Boeing has proposed offering a US-built version of the AgustaWestland AW101 for the VXX presidential helicopter contract, despite a long-standing policy of opposing aircraft that have benefited from European launch aid subsidies.
Phil Dunford, vice-president and general manager of Boeing rotorcraft, says he is unaware of any grants and loans for the Italian-British helicopter design that have not already been paid back.
A 1992 transcript of a debate in the UK House of Commons quotes Lord David Sainsbury of the Board of Trade as saying: "My department has provided £60 million [$87 million] of launch aid for the civil version of the EH101."
Boeing's decision to consider a foreign aircraft design for the VXX contracts comes as the company's top executives criticise EADS North America for offering a tanker that benefited from European government subsidies on the civil market. The EADS KC-45 tanker is a military tanker version of the Airbus A330-200, which also received subsidised loans.
Shortly after the VXX announcement, EADS called on Boeing to "cease its shrill rhetoric and finally allow the KC-X competition to focus on the merits of the tanker offerings".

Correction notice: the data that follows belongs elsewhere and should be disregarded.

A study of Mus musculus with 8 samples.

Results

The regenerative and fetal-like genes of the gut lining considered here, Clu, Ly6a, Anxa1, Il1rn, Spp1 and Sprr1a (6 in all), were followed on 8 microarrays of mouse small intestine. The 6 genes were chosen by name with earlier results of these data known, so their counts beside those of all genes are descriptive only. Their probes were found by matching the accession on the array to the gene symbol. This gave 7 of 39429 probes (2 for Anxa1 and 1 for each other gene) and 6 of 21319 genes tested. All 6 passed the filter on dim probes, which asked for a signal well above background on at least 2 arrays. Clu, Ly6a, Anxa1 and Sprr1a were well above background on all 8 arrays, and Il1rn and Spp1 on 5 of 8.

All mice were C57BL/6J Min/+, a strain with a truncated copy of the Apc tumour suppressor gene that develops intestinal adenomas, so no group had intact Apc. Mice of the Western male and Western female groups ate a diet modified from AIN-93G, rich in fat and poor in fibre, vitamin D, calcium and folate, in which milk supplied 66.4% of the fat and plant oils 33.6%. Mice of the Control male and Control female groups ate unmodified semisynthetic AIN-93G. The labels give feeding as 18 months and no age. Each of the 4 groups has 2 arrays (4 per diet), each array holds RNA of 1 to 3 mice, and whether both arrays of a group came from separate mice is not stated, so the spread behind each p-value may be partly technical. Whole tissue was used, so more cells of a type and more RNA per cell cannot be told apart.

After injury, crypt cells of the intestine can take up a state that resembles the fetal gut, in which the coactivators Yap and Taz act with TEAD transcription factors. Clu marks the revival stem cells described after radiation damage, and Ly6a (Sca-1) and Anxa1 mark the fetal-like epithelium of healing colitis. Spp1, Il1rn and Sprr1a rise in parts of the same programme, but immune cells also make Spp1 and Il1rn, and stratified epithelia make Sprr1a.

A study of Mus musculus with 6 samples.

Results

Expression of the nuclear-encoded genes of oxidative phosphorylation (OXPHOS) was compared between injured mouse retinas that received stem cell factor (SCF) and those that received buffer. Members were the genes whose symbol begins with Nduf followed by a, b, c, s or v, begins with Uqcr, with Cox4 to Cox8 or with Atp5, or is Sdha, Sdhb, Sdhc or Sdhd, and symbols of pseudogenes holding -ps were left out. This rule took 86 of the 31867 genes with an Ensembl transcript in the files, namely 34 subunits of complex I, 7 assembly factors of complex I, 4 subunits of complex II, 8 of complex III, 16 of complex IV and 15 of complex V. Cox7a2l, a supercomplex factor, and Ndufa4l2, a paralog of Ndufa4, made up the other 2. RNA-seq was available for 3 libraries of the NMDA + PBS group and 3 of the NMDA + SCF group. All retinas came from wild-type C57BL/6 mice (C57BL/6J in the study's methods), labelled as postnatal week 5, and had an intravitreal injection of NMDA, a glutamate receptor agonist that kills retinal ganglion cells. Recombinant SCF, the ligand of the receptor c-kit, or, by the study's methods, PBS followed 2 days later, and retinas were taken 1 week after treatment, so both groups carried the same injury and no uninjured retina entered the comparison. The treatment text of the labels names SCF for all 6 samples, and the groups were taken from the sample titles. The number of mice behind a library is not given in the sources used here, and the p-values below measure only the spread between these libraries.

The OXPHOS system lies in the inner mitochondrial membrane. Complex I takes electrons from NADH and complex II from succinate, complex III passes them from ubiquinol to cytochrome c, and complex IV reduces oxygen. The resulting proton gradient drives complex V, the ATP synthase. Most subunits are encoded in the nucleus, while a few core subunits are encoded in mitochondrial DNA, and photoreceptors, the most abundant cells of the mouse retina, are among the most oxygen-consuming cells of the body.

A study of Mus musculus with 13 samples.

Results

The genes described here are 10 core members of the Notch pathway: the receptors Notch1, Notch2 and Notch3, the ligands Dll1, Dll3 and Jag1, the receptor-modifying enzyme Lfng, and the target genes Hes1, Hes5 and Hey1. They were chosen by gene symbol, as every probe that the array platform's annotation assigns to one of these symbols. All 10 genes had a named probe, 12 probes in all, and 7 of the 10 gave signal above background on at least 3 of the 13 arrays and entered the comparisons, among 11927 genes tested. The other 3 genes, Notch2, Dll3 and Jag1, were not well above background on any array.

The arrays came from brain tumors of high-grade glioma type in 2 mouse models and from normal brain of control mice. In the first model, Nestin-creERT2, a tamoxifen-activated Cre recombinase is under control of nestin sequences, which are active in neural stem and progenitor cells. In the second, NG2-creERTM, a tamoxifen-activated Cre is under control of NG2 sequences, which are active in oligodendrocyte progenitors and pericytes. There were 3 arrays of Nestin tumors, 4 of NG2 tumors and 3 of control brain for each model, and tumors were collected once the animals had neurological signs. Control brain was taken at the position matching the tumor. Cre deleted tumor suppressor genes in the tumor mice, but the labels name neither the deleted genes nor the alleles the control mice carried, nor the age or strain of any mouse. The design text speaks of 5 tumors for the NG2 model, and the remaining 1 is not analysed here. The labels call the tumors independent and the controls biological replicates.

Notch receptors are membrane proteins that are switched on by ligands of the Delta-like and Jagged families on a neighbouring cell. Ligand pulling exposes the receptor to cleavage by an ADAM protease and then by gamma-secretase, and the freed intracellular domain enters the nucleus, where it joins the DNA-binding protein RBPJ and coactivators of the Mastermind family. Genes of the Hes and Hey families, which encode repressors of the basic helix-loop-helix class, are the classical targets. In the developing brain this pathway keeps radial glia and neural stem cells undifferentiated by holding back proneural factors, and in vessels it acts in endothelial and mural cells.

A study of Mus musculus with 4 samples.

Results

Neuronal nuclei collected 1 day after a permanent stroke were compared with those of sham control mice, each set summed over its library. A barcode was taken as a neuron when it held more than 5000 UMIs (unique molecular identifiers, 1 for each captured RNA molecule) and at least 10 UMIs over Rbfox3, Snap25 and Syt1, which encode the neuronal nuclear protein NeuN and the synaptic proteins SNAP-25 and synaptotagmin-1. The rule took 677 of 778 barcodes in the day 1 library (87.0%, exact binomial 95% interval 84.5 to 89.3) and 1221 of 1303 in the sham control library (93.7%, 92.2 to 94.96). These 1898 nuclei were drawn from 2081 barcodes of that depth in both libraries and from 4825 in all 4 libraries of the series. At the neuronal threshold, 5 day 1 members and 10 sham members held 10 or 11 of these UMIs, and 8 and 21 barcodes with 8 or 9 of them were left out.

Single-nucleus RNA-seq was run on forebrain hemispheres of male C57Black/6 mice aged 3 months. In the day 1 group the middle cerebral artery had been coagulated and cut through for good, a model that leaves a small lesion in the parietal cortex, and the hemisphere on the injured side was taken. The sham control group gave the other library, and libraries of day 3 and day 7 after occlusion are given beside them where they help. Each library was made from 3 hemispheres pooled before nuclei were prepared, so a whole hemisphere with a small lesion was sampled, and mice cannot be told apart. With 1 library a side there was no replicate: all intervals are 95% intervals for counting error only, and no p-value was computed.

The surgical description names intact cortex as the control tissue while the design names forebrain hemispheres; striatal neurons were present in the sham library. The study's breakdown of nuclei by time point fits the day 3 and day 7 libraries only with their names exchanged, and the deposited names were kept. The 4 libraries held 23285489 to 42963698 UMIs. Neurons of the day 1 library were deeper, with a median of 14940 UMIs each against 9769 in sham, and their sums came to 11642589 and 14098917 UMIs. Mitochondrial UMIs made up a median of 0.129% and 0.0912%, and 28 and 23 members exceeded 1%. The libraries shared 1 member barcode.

Dunford says the renamed Boeing 101 helicopter is among three rotorcraft the company could offer to the US Navy. The Bell Boeing V-22 Osprey and the Boeing CH-47 Chinook also remain candidates.
Whichever aircraft Boeing ultimately submits will depend on the results of the USN's ongoing analysis of alternatives, Dunford says.
Although the navy has not disclosed a timetable for a competition, Dunford says he expects a request for proposals to be issued in 2011. The possibility of Boeing offering a licensed version of the AW101, which includes transferring all intellectual property, data and production rights, would shake up the VXX competition.
A Lockheed Martin/AgustaWestland team won the previous presidential helicopter contract in 2004, but a series of required design changes that drove up costs led to the termination of the contract five years later.
Lockheed has now teamed with Sikorsky, its former rival, to offer the VH-92 to the for the globally prized contract.
The USN wants to replace ageing Sikorsky VH-3Ds and VH-60Ns as soon as possible with 23-26 new aircraft. A request for information issued earlier this year hinted that it could divide the contract between two aircraft types.
Citing the need for competitive secrecy, Dunford declines to specify the airframe and engine configuration for the proposed Boeing 101 concept. Lockheed previously won the contract with an AW101 design powered by the General Electric CT7-8 engine.